There’s a seriously funny book on my bookshelf called How Not to Write a Novel by Sandra Newman and Howard Mittlemark. Irrespective of whether you want to write a book or not, if you love reading, you’ll find this book a real joy. The book opens by citing the case of John Kennedy Toole who, unable to find a publisher for his novel, A Confederacy of Dunces, took his own life. Apparently his mother took up the cause and eventually got it published to great acclaim!
Of course, no such histrionics are necessary these days. Any fool can foist his mindless drivel on the rest of poor, unsuspecting humanity thanks to the mini-revolution that is print-on-demand and the disruptive technological advances that have resulted in the e-publishing phenomenon. Thankfully, humanity is largely protected from the tide of fatuous, illiterate shite that’s pumped out by the fact that, without the help of an agent, most of these pitiful scribblings will remain forever undiscovered. Yes, there will be exceptions like 50 Shades of Grey!
And so it seems that planet earth will remain safe from my novel. Efforts to promote the book are not progressing well. After nearly two months, this website has managed to attract no more than 24 subscribers, although this obviously increases the odds for those of you eager to win one of the 10 signed copies. Google Analytics reveals a peak visiting day of 18, shortly after I posted on Facebook. The fact that the ‘new post notification’ system in WordPress wasn’t working won’t have helped engage those subscribers I have.
In short, my own personal PR machine is lamentable, which is a shame, because the first chapter of How Not to Write a Novel is about creating a plot, a compelling storyline, which is what I’d like to do here. I want you, my avid audience, to stay tuned as an extraordinary story unfolds. ‘Self-published author hits the big time,’ the dramatic ending should read.
Do you think it feels the same to say “I’m a published author” if you don’t have a physical, printed book in your hands? I certainly think it would be nice to have a copy sat on my bookshelf, and to know that there are a couple of libraries in the country where someone might wander in and pick it off the shelf.
Five agencies out there have yet to respond, have yet to send me an email like this last one that I received on Monday…
“Many thanks for sending us this proposal, which I read with interest. I considered it carefully but I’m afraid on balance it just doesn’t quite grab my imagination in the way that it must for me to offer to represent you. So I must follow my instinct and pass on this occasion. I’m sorry to be so disappointing, but thanks for thinking of us. Of course this is a totally subjective judgement, so do try other agents and I wish you every success.”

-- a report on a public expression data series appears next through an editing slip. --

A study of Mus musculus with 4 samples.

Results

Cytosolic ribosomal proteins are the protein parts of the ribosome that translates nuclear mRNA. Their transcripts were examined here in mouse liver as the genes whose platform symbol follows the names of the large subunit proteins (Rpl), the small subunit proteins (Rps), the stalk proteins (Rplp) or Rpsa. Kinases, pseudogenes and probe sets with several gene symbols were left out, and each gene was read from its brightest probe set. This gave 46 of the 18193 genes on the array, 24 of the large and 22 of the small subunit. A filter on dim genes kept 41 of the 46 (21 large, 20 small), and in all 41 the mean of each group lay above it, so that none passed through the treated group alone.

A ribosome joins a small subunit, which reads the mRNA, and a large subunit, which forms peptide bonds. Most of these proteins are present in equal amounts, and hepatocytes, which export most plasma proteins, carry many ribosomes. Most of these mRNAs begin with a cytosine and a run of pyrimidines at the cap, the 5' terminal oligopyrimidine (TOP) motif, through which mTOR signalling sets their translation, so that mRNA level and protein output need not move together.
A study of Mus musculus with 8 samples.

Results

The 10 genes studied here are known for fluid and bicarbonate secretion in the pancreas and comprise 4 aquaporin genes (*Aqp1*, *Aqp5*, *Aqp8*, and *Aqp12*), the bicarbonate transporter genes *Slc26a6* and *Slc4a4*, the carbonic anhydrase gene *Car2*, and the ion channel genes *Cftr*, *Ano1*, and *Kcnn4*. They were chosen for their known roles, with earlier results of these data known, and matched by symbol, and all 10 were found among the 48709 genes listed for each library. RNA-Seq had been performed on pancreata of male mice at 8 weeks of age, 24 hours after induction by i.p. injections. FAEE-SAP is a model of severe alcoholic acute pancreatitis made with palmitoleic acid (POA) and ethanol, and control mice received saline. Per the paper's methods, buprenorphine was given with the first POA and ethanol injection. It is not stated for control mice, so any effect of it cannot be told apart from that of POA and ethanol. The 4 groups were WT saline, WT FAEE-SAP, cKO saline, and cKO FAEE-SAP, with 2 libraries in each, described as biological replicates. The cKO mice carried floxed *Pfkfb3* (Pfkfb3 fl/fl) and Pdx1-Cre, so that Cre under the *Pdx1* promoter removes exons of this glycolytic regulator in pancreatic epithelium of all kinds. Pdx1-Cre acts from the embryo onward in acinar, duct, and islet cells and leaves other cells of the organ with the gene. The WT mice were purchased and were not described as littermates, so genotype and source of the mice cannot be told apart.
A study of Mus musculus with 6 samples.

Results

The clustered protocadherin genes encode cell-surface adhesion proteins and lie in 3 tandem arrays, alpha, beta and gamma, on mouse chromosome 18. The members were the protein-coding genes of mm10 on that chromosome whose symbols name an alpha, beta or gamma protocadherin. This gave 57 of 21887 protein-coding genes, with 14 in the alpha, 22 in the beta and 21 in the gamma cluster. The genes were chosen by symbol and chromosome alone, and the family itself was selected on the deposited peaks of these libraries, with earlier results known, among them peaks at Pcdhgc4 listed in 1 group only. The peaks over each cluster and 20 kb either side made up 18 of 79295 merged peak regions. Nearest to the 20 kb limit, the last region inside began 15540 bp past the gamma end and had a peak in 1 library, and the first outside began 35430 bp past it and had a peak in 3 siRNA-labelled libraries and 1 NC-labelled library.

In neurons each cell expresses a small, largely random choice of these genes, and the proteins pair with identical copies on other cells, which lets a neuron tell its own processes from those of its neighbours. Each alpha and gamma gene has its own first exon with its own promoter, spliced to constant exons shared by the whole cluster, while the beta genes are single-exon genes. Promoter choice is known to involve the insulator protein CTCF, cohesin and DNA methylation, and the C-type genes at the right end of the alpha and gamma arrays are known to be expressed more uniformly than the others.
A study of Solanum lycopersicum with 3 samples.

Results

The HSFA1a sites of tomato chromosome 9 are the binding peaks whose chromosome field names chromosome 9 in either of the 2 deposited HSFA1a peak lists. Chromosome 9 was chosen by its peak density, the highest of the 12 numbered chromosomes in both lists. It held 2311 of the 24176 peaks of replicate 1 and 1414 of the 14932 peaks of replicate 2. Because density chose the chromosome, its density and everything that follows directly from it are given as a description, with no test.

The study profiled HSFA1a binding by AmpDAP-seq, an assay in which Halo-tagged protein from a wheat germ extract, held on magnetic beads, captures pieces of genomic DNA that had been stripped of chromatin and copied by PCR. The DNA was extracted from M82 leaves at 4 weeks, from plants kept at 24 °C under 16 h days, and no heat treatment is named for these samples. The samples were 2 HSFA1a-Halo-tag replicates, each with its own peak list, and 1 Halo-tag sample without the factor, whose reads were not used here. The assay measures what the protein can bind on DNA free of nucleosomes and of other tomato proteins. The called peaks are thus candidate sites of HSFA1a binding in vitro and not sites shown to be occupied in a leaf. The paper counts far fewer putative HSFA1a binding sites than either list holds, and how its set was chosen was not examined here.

[Agency Name Withheld]
Then, on Friday, I received this from Book Guild Publishing in Brighton…
“Further to our email of 11 July, we have completed aninitial assessment of the submitted sample material. We very much enjoyed the opening chapters to New Fire. The set-up is excellent, and your descriptions of the city and the activities that go on there are lucid and memorable. With vivid characterisation and a strong narrative right from the start, this material certainly whets the reader’s appetite, and we look forward to reading the complete novel. Please submit the MS to this email address.”
Now, the difference here is that Book Guild Publishing have a ‘partnership’ programme which builds a package for each author and requires the author to share some of the costs of publishing. Book Guild really seems to have grasped that their industry has changed forever and that the costs of printing no longer require the extraordinary levels of risk-mitigation that the old industry needed. In this modern, internet enabled world with print-on-demand, the barriers can be lowered a little and the readers be empowered to decide what they want to read. ‘Fifty Shades of Grey’ is a fine example of a book that would probably never have seen the light of day twenty years ago. Now, fee-paying readers have the choice. It may not be a literary masterpiece, but hey, 95% of readers don’t ever read a Booker or Pulitzer prize winner.
Where was I going with all of this? Oh yes, if I can raise several hundred pounds, I might just make that physical copy a reality and stand in Waterstones all Saturday with a winning smile on my face.